116 3rd St SE
Cedar Rapids, Iowa 52401
It may have meant a lot more than two points.
After most of Iowa’s defense chased down Kent State quarterback Dustin Crum in the end zone after Crum chased down an errant center snap midway through the first quarter, the Hawkeyes did some officiating.
Defensive back Kaevon Merriweather and linebacker Seth Benson immediately gave the signal for a safety. Quickly joining them were linebacker Jack Campbell, defensive linemen Joe Evans and Zach VanValkenburg, and cornerback Riley Moss.
Those six players and defensive lineman Lukas Van Ness were all over Crum. Van Ness and VanValkenburg got credit for the shared sack, with Campbell arriving on the scene a split-second after those two. Only Van Ness didn’t give the safety signal, a freshman mistake.
In hindsight, that moment showed a couple things. One, a safety clearly is a very satisfying result for a defender. Turnovers for touchdowns set off explosive celebrations, but there’s something stifling and dominating about a safety.
Two, Iowa’s defensive players aren’t exaggerating when they keep telling us they’re 11 hearts beating as one.
“That’s another thing Coach (Phil) Parker stresses,” Campbell said after the game “When you look up, you should see all 11 hats running right at you.
“When you look up, you’ve got six Hawkeyes running at you and you’re on the goal line and you get blasted in the end zone for a safety, that’s just a great team feeling.”
The safety was the first two points in Iowa’s 30-7 win, and it set up the Hawkeyes’ first touchdown when the ensuing kickoff was returned to the Iowa 45 and Tyler Goodson ran 46 yards for a score three plays later.
The game was far from decided at that point, but the die was cast.
Iowa’s defense didn’t play a perfect game, because those don’t exist. (OK, Minnesota holding Colorado to 63 yards Saturday in the Gophers’ 30-0 win straddle the boundary of perfection.)
But you’ll seldom lose when you sack your opponent once for every point it scored, and that’s what happened at Kinnick Saturday.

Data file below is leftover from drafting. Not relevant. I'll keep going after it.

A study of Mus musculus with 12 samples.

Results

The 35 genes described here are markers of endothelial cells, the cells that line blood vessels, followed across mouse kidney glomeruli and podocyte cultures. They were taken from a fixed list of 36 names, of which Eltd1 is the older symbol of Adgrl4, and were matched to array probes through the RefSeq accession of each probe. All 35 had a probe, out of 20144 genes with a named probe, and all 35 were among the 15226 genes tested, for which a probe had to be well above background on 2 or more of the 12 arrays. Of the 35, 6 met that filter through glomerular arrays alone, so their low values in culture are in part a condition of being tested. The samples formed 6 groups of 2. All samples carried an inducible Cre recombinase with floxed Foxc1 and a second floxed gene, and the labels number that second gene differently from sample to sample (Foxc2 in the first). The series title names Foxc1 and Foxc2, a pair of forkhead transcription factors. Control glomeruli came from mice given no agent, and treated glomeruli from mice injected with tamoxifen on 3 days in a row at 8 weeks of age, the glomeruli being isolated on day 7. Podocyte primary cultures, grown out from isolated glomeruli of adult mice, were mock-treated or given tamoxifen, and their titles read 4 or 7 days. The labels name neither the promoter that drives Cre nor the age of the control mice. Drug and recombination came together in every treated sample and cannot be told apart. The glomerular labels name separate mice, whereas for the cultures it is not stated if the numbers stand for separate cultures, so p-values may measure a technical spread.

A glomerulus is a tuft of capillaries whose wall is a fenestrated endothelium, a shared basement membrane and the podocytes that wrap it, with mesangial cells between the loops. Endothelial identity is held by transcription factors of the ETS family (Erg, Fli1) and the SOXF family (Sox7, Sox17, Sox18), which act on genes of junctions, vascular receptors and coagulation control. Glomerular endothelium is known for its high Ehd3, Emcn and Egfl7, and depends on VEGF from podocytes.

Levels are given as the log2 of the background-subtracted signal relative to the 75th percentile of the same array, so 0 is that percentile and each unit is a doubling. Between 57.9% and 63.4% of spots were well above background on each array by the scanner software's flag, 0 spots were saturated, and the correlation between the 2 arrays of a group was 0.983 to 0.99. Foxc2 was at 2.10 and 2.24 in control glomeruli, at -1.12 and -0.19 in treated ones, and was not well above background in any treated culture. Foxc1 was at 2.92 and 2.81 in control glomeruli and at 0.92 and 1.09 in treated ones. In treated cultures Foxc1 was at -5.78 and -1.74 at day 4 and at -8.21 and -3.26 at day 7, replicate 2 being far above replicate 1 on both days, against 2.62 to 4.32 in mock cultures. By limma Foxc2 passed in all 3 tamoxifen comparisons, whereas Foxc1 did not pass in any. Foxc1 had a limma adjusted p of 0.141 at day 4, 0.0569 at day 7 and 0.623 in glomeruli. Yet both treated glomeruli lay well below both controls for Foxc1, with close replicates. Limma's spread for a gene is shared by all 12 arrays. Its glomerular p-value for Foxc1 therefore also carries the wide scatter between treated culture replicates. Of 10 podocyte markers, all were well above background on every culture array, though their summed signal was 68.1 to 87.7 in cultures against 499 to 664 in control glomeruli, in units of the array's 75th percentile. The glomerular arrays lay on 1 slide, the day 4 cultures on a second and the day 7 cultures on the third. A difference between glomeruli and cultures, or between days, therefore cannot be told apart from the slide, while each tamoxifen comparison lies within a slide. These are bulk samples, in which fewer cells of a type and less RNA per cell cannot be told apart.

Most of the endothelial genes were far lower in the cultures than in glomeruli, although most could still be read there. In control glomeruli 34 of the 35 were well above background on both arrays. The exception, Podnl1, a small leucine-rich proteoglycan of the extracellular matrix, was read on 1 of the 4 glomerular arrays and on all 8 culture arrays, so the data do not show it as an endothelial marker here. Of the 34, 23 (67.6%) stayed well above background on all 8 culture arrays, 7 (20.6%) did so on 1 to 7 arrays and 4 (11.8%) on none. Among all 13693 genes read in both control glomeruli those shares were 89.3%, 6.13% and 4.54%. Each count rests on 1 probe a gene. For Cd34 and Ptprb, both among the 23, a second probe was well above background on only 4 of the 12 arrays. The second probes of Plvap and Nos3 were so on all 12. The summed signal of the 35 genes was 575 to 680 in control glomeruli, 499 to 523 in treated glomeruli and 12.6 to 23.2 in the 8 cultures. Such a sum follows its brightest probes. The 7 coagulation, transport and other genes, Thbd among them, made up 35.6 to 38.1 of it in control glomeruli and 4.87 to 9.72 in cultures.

Here’s where we turn the page and look ahead. And no, not to this week when Iowa hosts Colorado State.
OK, just for a moment. After opening its season with home losses to South Dakota State and Vanderbilt, Colorado State got a 22-6 win at Toledo Saturday. The only touchdown in that game was on a CSU punt return. Cayden Camper made all five of his field-goal tries for the Rams.
So much for Colorado State. Unlike Iowa’s players, we can look ahead all we want without heeding coaches’ admonitions to not do that.
Hey, we have to live our own lives one game at a time. If we have a low tire, we can’t be focused on a long car trip next month. We have to get air in that tire now.
If we’re out of dog food, we can’t daydream about how satisfied the dog will be when it enjoys dinner two weeks from now. We need to get the pooch something to eat right now.
As football followers, though, look ahead all you want. As you do, you’ll see the potential is in plain sight for Iowa’s two games after Colorado State to be Battles of the Unbeaten. That’s kind of fun, no?
The Hawkeyes are at Maryland Oct. 8. The 3-0 Terrapins host none other than Kent State Saturday before awaiting Iowa’s arrival the following Friday evening. If both aren’t 4-0 entering next week, something has gone terribly wrong.
Assuming Iowa will take down the Terps is assuming something you shouldn’t do. Maryland has averaged 517 yards, including 481 in its 20-17 win at Illinois Friday that it did very well to pull out.
However, I repeat: We can look ahead all we want. Let’s say the Hawkeyes get past Maryland. Their Oct. 9 game against Penn State would probably be a clash of 5-0 teams.
The Nittany Lions were terrific in their 28-20 win over Auburn Saturday night. They play Villanova (Villanova?) Saturday, and get Indiana at home the following week.
Penn State and Iowa, both 5-0, at Kinnick? At night, maybe?
But first, Maryland. I mean, Colorado State.